Are you familiar with the EDI (Equity, Diversity, Inclusion) approach?

It’s a tool that organizations can use to become more inclusive, more equitable and more representative of society’s needs. EDI helps better shape your organization’s structure and actions, avoid discrimination and bias, and guide internal and external communications so that they align with and demonstrate your commitment as an organization.

This post explores how an EDI approach should be reflected through an inclusive communication model and provides concrete ways to do so.

The purpose of EDI

Being attuned to the needs of all members of society is the first step towards an engaging approach.

Some statistics


More than 22% of the Canadian population identifies as belonging to a visible minority (Statistics Canada, 2016) 


20% of the Canadian population aged 15 and over has at least one disability (sensory, neurological, cognitive, physical) that limits daily activities (2017 Canadian Survey on Disability [CSD])


13% of the Canadian population identifies as sexually and gender diverse (Fondation Jasmin Roy, CROP Survey, 2017)

The impact of EDI on your organization 

By adopting an EDI approach, organizations strengthen their human values and in turn: 


Create a healthy, respectful work environment where people enjoy working; 


Reflect these values in their customer experience;


Make a positive impact on society.

Integrating EDI into your communication strategy

All about the culture

It’s important to stress that an inauthentic approach will never have the desired effect. For people to be convinced of your desire to do better, they must first see that it is the result of good intentions and not just empty words. They need to “see” it, hear it, feel it and experience it.

An EDI approach must therefore be supported by the entire management team, so that the words and actions of leaders and managers are clear, engaging and credible, both internally and externally. Only by fostering an environment where respect, thoughtfulness and open discussion are encouraged will organizations be able to convince employees, partners and clients of their good intentions.

Events that celebrate diversity

Organizing activities is one way to help raise awareness among your employees and clients about equity, diversity and inclusion issues in society. 

Prioritizing the following actions when brainstorming and implementing these activities will help foster a respectful process and authentic dialogue:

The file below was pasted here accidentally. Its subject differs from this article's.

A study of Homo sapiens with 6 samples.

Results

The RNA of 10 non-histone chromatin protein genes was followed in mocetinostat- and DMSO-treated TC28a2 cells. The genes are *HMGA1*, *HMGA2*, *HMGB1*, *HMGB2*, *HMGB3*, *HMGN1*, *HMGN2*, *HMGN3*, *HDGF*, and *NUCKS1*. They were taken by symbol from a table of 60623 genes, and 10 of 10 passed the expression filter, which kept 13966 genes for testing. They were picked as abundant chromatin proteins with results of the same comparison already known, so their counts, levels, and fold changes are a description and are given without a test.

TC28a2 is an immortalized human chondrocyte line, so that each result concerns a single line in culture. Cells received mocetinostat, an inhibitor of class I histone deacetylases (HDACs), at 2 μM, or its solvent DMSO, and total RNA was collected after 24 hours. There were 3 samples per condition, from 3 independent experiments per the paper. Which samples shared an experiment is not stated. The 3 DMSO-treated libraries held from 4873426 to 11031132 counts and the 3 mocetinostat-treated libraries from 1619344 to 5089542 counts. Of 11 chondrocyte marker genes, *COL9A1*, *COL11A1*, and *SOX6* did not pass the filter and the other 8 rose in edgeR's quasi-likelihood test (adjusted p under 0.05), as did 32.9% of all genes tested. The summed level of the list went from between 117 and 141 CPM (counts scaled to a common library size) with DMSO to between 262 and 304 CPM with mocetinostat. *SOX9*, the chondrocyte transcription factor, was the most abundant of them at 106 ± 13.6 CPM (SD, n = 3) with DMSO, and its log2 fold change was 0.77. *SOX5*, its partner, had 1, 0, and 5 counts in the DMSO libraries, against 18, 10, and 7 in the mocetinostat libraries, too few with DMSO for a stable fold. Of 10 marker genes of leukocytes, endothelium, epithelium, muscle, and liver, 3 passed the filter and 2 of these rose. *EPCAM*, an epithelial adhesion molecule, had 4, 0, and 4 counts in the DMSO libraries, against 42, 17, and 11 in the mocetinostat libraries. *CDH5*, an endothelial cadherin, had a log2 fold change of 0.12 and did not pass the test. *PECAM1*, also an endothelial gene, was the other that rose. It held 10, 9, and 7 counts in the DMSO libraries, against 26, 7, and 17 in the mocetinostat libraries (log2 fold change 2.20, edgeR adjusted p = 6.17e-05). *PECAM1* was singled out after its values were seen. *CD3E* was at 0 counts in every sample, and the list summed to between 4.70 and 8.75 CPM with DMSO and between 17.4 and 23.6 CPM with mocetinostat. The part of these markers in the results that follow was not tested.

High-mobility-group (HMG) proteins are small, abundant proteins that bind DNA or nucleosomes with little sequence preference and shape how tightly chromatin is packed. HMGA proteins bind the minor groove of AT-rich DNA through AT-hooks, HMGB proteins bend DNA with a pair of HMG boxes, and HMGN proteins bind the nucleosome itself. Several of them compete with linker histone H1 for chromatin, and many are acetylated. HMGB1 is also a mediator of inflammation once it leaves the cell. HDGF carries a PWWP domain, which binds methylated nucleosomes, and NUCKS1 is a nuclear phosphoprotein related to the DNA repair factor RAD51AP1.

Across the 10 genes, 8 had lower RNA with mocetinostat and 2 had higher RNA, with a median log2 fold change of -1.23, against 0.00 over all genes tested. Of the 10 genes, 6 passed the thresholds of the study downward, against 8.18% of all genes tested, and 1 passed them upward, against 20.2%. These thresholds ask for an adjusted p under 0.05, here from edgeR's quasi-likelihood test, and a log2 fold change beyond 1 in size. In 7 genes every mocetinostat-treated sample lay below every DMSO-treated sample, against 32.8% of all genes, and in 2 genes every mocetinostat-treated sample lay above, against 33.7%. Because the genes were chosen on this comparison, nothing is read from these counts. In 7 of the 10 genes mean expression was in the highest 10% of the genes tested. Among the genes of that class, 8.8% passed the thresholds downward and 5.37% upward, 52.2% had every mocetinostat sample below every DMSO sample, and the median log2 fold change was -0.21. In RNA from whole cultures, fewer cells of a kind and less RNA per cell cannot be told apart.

• Recognize the people who are directly affected by these issues by letting them speak and avoiding unconscious biases that those who are not affected may have.
  • Take a good look at your organization and its people. Every member of your team has a story to tell, issues to raise and culturally-rich contributions to make.
  • Ask your team members, anonymously or otherwise, what social issues are important to them (e.g., gender equality, First Nations, physical disabilities, mental health, LGBTQ2S+ community, ethnic diversity, etc.). 
  • Base your internal and external actions on the conclusions of these reflective activities.
  • Involve the affected people in the process of creating events.

Inclusive writing

In certain languages like in French, inclusivity can also be reflected through a writing style that promotes identity inclusion and uses neutral language. However, from an EDI perspective, certain inclusive writing techniques tend to complexify words or make them difficult to read for some people therefore should be used sparingly and with care. 

Improving document accessibility

Are the layout and format of your internal and external documents accessible? When documents are more accessible, a wider range of people, including those with visual impairments, can read and understand them. 

Here are some tips inspired by Employment and Social Development Canada’s guide

  • Use simple, easy-to-read fonts such as Arial, Calibri, Helvetica, etc;
  • Use bold rather than italics or capital letters, and use underlining only for hyperlinks;
  • Provide an outline at the beginning of the document and organize information clearly;
  • Avoid technical abbreviations.

To test how accessible your documents are, try using the Microsoft Accessibility Checker.

On social media

Here are some tips to improve accessibility and inclusiveness on social media: 

  • Use hashtags sparingly and try to capitalize the first letter of each word;
  • Choose emojis based on their definition. Each emoji comes with its own description, which screen readers can read aloud. Emoji definitions can be checked on sites like Emojipedia. Remember that the meaning and interpretation of emojis may vary and can change depending on the group or person being addressed;
  • Avoid superimposing text over images;
  • Add subtitles or captions to your videos;
  • Add a description (alt text) in the settings for every photo you post.

Beware of stock images 

It’s important to choose images that reflect the diversity of your organization and society in general. However, some free image sites tend to misrepresent diversity (e.g., Indigenous people portrayed in a stereotypical way, or disabled people shown in a position of vulnerability). Websites such as TONL or Pic&Pick are useful sources of inclusive stock images. 

Source:   Guide de communication inclusive de l’Université du Québec

Adopting an EDI approach will help your organization put social responsibility at the heart of its operations, foster a healthy corporate culture, improve internal communications and choose a more thoughtful and positive marketing model

Need help? Our team can advise and support you to make this process holistic, efficient and practical. Book an appointment today!